In order to succeed as a scientist, one must be of above-average intelligence.

Could not one of average intelligence yet above-average perseverance perform an experiment building on another's experiment and be called a "successful" scientist. You did not show that above-average intelligence is a necessary condition for success as a scientist.

Comment: Re:Why safari doesn't work for me (Score 1) 307 307

the Windows version [of Safari] is flaky in my experience.

(Emphasis mine).

Do you mean the three-year-old, discontinued, non-supported, version 5.1.7 of Safari for Windows? By citing such dated information, you make me wonder on what basis you've formed the rest of the opinions expressed in your post.

Comment: Re:Pathetic (Score 1) 297 297

Does Robocopy do integrity checking of the copies? Also, with zero retries, what happens on a failed backup? Are you notified? While your solution only takes a moment to set up, there are far better solutions that take as little (or less time) but offer more robust copying, to multiple destinations, with encryption, and without needing to copy over exact copies.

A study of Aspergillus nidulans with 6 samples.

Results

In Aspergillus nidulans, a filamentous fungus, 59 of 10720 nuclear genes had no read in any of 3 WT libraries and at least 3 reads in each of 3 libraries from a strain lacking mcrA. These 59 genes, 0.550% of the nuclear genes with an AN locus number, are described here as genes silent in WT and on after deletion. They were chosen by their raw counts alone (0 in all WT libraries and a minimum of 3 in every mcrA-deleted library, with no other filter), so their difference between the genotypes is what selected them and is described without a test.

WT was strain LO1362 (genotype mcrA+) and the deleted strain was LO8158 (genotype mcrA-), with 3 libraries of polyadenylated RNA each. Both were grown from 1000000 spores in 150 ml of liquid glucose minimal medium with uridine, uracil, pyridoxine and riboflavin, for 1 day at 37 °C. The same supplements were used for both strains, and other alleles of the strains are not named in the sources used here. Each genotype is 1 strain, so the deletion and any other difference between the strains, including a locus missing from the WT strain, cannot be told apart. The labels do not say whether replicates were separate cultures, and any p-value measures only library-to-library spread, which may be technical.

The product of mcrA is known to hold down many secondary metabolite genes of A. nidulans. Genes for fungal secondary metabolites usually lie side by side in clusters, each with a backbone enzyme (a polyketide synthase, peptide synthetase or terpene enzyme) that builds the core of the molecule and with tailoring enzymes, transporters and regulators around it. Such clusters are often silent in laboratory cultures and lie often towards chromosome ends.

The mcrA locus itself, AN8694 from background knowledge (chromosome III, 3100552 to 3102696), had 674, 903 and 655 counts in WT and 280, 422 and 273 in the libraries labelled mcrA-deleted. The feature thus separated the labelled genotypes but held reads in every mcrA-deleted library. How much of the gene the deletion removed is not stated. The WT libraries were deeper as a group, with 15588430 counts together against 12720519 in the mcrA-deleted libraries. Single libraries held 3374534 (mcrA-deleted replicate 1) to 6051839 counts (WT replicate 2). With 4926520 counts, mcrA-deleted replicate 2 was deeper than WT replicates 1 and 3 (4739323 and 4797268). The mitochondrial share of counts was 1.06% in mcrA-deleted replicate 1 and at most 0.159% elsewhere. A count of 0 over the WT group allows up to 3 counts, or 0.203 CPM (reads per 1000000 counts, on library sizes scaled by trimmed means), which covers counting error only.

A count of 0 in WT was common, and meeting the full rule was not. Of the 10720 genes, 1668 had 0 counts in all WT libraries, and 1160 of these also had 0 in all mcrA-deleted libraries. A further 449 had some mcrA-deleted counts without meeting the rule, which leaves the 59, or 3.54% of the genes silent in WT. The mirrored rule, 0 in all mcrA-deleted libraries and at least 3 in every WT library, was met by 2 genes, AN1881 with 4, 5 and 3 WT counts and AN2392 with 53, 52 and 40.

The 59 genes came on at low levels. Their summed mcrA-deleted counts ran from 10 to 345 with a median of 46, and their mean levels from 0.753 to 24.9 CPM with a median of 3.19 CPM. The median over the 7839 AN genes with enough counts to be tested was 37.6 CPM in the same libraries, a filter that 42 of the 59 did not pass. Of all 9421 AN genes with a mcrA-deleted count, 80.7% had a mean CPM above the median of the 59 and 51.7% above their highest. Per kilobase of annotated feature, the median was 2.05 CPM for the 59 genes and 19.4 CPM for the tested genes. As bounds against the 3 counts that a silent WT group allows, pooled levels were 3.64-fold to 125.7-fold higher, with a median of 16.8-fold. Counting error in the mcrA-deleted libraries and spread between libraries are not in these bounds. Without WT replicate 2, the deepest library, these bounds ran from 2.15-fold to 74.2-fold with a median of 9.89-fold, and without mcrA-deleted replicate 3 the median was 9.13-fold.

Comment: Re:Interesting..sorta? (Score 3, Insightful) 297 297

TIL is a fairly common, in recent years, initialism for "today I learned." The very first result I got for a Google search for "til" is the TIL Reddit. The very second result was an urban dictionary entry. I don't know why I bothered to do the work for you; I suppose I felt generous being your Google-bot.

Comment: Re:The basic tenet of security (Score 1) 196 196

When I was young I had an old Saab. I guess I have always been odd. Anyhow, that Saab was terrible and I had little money or expertise to repair it. I could not trust it to get me to my destination. Yet, strangely enough, I still used it. I could not trust it to start, trust the brakes to work, or even trust the lights to remain on for very long. (I did fix the brakes.)

You do not need to trust something to use it.

You do, to some degree. You trusted the Saab not to explode when you attempted to start it, for example. Trust is not a 0% or 100% thing, it's more complicated than that. When someone says they don't trust X, they really mean they don't trust X to do Y. That Y is important, if sometimes implied. You did not trust your Saab in many regards, but you did trust it in some regards. If you did not trust it in *ANY* regards, you wouldn't use it.

Comment: Re:The basic tenet of security (Score 1) 196 196

I trust nobody

That is not to say I don't use products, but use does not imply 100% trust. It implies just enough trust to use something.

You seem to contradict yourself there. You cannot trust nobody but then trust somebody just enough to use something. My entire point was that non-zero trust was impossible when using anything you did not build yourself. A point you seem to agree with despite your protestations that you completely disagree.

We have a equal opportunity Calculus class -- it's fully integrated.